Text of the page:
Dem Candidate's State Flag-Burning Pic Spreads Like Wildfire Day Before Debate


With the crucial midterm elections just two weeks away, the Democratic gubernatorial candidate in Georgia has become embroiled in controversy over actions taken when the candidate was a college student in 1992.

That candidate is Stacey Abrams, and her controversial actions in 1992 involved burning the state flag in protest, which at the time featured the “stars and bars” of the old Confederate battle flag as half of the state flag.

The New York Times reported that accounts and a picture of the incident, which made the front page of the local newspaper at the time, have re-emerged in recent days and began circulating on social media among supporters of Republican nominee Brian Kemp, who has labeled Abrams as “too extreme for Georgia.”

At the time of the flag-burning protest, Abrams was a freshman student at Spelman College in Atlanta. Abrams considered herself to be quite active in the fight for civil rights and racial equality at that time, and had recently led peaceful protests on campus following the acquittal of the four Los Angeles police officers who had severely beaten Rodney King in what was widely viewed to be a racially motivated incident of excessive force.

The flag-burning incident had been featured on the front page of the Atlanta Journal-Constitution’s local section with a picture that showed Abrams and two other black students holding up a burning Georgia state flag. That picture can now be seen spreading far and wide on social media, as well as in current media reports about the controversy.


That redesign of the flag only served to inflame racial tensions for many Georgians, though, which escalated through the 1990s until the state flag was redesigned again in 2001 to minimize the Confederate portion, then redesigned again in 2003 to remove the stars and bars completely.

In response to the sudden re-emergence of the flag-burning incident right before a gubernatorial debate just weeks prior to the election, Abrams’ campaign released a statement explaining that Abrams’ actions had merely been part of a “permitted, peaceful protest against the Confederate emblem in the flag” that in the end ultimately proved to be popular with state residents and successful, in that the flag was eventually changed.

“During Stacey Abrams’ college years, Georgia was at a crossroads, struggling with how to overcome racially divisive issues, including symbols of the Confederacy, the sharpest of which was the inclusion of the Confederate emblem in the Georgia state flag,” according to the statement from Abrams’ campaign.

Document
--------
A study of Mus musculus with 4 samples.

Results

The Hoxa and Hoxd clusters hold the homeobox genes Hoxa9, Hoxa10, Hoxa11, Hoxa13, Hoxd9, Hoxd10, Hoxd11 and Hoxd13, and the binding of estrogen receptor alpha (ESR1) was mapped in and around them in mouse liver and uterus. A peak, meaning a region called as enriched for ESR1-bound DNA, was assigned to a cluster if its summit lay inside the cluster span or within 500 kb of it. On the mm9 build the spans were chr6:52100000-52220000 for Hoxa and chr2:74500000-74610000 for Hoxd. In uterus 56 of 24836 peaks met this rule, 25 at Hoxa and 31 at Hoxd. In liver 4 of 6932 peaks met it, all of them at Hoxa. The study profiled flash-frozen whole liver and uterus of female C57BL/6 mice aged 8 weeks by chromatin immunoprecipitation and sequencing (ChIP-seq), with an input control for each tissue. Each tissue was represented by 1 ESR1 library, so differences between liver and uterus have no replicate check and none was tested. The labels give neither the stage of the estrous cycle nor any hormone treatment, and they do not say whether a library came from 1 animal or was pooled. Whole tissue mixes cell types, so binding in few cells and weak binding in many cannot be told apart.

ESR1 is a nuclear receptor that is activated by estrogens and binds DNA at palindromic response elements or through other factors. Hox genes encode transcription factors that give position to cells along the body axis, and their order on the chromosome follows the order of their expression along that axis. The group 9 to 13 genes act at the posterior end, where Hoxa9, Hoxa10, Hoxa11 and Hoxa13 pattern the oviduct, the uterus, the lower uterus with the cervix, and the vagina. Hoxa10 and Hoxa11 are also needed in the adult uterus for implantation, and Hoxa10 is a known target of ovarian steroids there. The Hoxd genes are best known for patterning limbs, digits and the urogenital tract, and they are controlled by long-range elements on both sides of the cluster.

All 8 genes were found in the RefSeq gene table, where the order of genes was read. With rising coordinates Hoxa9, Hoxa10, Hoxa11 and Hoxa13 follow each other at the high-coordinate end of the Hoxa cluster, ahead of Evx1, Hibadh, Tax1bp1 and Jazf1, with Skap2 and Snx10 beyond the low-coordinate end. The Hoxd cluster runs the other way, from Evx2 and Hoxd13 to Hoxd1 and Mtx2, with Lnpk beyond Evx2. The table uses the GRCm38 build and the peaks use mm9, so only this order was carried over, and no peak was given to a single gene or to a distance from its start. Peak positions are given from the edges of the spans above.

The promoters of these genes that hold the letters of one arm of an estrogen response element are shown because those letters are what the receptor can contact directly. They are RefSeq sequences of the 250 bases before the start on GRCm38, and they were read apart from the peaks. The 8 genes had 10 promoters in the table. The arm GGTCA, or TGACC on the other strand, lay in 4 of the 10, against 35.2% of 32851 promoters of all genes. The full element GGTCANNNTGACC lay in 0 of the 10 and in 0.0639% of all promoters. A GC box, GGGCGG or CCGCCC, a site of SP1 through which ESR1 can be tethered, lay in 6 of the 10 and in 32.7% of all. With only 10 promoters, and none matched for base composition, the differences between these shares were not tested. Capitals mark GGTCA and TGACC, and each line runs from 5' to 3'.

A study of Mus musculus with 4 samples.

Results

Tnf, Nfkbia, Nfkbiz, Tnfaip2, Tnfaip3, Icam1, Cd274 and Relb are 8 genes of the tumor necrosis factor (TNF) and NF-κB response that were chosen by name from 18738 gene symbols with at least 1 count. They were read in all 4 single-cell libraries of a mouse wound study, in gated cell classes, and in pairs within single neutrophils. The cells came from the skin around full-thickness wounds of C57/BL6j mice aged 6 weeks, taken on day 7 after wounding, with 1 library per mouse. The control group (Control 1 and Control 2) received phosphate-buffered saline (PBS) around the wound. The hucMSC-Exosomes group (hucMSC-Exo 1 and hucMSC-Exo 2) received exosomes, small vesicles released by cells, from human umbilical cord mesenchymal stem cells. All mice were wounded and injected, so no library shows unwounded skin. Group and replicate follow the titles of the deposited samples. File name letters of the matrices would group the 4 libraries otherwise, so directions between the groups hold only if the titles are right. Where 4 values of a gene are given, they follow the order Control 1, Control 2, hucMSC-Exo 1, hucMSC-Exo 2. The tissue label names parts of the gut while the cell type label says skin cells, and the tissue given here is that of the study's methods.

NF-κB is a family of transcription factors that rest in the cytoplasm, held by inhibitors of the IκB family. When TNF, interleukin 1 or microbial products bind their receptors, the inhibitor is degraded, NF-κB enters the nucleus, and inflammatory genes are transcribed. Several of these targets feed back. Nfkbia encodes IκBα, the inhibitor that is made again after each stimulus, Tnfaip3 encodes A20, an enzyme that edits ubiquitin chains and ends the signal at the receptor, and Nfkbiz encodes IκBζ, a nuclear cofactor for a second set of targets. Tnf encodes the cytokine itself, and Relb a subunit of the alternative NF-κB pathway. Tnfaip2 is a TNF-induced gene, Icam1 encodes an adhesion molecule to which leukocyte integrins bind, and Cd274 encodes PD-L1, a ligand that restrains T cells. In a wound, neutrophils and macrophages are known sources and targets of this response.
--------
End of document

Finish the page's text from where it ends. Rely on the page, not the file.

Will the re-emergence of the flag-burning picture have an impact on the Georgia governor's race?

“This conversation was sweeping across Georgia as numerous organizations, prominent leaders, and students engaged in the ultimately successful effort to change the flag,” the statement continued. “Abrams’ time in public service as deputy city attorney and as a state legislative leader have all been focused on bringing people together to solve problems.”

Most recently, Abrams’ efforts at “struggling to overcome racially divisive issues” and “bringing people together” has involved the nominee leading the charge in Georgia against Confederate monuments and statues, including a demand that the massive Confederate carvings in the side of Stone Mountain be removed.

Her opponent, Kemp, has vowed to protect controversial statues and monuments — like Stone Mountain — from the “radical left” that seek to destroy them, as he feels Georgians should refrain from an “attempt to rewrite” history, no matter how unpleasant it may be for some.

The Times was unable to obtain a comment from Kemp’s campaign for its article about the flag-burning picture that has suddenly re-emerged.

While many Americans find the act of flag-burning — whether that be the American flag or a state flag — to be incredibly distasteful, it is nevertheless a protected act of free speech.


It remains to be seen if this late-breaking controversy will have a negative effect on Abrams’ campaign. The race is exceptionally tight as it comes down to the wire, with the RealClearPolitics polling average placing Kemp in the lead over Abrams by a mere 1.5 points.

Ben Marquis has written on current events and politics for The Western Journal since 2014. He reads voraciously and writes about the news of the day from a conservative-libertarian perspective. He is an advocate for a more constitutional government and a staunch defender of the Second Amendment, which protects the rest of our natural rights. He lives in Little Rock, Arkansas, with the love of his life as well as four dogs and four cats.